Seasonal Chef: Tofu


Personally I am game for just about any ingredient, at least once, maybe twice. You can’t be a chef and not taste things, end of story. You can certainly not make things after that, but you should at least try to taste most ingredients. So here I am with tofu. I know it’s good for me, but the tasteless, spongey texture is just so darn unappealing. That said, I was ready to dive in and try it again. I emailed my fellow Small Bites blogger  Jodie Diegnan who writes the column I Eat Plantsto collaborate with me on tofu this week. Being out resident vegan i knew she would have  lots to great ideas for this ingredient. The recipe I created this is not vegan, its vegetarian, as I used milk and parmesan cheese; but it certainly can be “veganized.”

Let’s talk tofu first: There are many health benefits from come from eating tofu. It’s high in protein, calcium and vitamin E, helps lower bad cholesterol and helps fights the symptoms of menopause. Gram for gram you do have to eat a whole lot more tofu to equal that of red meat, however, you are lowering your risk of heart disease and cholesterol by doing so. Our vegan and vegetarian friends know this, of course, and use other great ingredients to balance it all out. There is a lot of great information on the web to that end.

Tofu ranges in various texture from soft to firm and comes packed in water. It should have essentially no smell at all and be bright white in color. It can be kept for some time in the fridge, but the water should be changed daily, unless in a sealed package. Tofu can be used as is, tossed in shakes or blended into a dip. Keep in mind it essentially has no flavor, so you have to add seasoning. Marinades and spices are a good thing, and not even needed for a long time. Tofu is like a sponge and will soak up all that goodness quickly.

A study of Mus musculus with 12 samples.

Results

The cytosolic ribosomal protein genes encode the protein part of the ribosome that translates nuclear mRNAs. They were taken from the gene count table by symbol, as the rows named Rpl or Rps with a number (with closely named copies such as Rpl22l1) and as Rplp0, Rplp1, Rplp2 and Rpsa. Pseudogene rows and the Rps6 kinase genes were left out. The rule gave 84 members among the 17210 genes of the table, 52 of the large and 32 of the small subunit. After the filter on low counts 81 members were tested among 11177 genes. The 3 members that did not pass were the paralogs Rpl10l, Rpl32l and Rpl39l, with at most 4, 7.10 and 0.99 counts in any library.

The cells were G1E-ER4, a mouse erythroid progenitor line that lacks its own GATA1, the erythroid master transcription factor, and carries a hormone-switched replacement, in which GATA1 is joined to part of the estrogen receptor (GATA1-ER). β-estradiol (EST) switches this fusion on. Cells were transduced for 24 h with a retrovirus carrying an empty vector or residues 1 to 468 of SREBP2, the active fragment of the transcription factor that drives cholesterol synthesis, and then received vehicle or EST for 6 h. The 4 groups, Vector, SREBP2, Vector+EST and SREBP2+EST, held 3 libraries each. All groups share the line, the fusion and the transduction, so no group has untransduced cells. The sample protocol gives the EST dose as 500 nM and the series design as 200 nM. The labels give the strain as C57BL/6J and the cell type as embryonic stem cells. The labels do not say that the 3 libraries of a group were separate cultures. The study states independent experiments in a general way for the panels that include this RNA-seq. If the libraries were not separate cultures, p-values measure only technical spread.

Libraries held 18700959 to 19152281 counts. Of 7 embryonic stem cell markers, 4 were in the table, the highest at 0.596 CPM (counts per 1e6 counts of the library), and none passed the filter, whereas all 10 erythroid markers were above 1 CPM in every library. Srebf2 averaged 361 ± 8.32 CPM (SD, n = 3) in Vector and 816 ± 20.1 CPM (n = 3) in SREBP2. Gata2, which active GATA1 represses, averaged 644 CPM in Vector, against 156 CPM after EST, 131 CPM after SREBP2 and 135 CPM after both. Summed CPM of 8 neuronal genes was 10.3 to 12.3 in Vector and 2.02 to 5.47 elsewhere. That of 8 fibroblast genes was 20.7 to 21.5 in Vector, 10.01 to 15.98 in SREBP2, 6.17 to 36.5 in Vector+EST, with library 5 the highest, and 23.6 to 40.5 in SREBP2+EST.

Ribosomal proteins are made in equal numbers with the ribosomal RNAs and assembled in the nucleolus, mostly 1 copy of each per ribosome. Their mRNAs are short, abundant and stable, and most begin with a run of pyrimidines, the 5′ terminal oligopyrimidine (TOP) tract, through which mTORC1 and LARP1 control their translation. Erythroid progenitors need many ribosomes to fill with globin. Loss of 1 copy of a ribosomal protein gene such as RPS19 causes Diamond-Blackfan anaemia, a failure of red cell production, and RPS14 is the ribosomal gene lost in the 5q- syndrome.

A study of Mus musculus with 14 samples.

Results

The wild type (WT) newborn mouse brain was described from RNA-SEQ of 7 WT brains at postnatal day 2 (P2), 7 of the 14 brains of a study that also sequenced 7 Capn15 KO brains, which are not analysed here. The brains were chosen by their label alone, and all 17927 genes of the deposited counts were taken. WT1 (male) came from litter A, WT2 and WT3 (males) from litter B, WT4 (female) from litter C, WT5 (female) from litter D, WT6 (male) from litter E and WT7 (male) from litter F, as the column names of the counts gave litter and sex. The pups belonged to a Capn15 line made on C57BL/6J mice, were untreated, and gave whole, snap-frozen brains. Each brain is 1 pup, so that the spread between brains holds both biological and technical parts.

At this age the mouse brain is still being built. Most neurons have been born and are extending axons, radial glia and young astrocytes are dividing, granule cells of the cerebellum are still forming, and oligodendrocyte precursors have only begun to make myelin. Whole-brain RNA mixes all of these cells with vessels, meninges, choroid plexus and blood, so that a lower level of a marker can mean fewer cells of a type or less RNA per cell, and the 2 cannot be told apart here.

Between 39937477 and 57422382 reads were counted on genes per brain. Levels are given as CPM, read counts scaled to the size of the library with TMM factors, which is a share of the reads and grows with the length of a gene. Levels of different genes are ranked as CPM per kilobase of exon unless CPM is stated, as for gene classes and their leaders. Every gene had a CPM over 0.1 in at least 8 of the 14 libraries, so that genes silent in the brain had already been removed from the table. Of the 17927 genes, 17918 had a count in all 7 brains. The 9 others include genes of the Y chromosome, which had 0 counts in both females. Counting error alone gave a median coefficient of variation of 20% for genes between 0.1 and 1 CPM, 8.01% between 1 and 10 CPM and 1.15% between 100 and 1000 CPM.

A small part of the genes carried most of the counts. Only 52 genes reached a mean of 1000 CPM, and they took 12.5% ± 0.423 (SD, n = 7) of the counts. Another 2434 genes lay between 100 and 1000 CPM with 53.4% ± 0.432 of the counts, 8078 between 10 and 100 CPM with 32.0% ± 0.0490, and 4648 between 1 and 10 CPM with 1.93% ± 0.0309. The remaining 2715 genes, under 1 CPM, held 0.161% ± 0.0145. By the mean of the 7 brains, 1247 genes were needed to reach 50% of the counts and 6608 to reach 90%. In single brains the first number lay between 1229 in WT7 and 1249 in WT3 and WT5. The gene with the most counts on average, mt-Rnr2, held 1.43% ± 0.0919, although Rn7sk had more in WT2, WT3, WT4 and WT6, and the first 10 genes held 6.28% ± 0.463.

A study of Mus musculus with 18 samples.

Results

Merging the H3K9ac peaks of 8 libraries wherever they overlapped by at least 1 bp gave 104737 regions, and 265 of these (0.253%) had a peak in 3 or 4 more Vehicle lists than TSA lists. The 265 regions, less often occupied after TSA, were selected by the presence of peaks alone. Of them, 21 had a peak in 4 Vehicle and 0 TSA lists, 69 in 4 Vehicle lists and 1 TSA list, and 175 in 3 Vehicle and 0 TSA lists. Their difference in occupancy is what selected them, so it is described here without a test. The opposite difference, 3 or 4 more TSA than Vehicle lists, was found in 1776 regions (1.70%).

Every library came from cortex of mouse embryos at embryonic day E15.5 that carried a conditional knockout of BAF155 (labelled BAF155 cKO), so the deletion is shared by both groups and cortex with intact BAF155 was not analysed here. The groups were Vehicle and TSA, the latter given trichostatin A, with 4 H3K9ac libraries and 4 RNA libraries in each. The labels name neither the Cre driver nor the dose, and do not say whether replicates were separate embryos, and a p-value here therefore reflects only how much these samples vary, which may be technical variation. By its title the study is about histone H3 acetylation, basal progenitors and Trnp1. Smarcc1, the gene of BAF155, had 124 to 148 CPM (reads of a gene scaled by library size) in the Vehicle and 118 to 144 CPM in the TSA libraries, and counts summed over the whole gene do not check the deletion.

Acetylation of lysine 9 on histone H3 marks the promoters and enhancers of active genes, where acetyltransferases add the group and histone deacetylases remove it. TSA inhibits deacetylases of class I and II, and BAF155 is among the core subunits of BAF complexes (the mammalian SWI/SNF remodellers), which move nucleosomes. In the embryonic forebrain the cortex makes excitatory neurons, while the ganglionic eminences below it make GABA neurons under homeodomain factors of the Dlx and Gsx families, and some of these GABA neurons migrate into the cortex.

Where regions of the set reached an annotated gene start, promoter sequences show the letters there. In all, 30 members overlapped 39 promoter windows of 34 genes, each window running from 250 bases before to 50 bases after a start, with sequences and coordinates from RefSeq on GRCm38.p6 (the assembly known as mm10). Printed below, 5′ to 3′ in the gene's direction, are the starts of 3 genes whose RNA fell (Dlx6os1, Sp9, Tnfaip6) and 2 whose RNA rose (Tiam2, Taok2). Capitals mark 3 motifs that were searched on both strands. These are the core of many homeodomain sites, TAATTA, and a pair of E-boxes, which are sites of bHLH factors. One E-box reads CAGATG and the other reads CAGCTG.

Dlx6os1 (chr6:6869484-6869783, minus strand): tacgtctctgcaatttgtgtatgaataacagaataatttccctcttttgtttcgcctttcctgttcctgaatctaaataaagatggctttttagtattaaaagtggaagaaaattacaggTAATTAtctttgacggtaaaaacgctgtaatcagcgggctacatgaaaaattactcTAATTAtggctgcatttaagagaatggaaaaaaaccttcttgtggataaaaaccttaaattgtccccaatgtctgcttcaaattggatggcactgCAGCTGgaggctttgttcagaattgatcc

Tomorrow, check out Jodie’s column for even more on this great healthy ingredient!

Buon Appetito.


Seasonal Chef blogger Maria Reina comes to the world of food as a third career, spending a great portion of her adult life in the field of Human Resources. With her private company Bella Cucina Maria she is a personal chef, caterer and recreational cooking class teacher in Westchester. She's an avid food television watcher and cookbook collector, always looking for a new take on a traditional dish. In her free time she loves hanging out at local farmers, chatting it up with the farmers and doing cooking demos with their seasonal ingredients. In addition to her blog, which is loaded with easy recipes, you can follow her on Facebook (Bella Cucina Maria), Twitter (Bellacucinam) and Pinterest (Bellacucinam).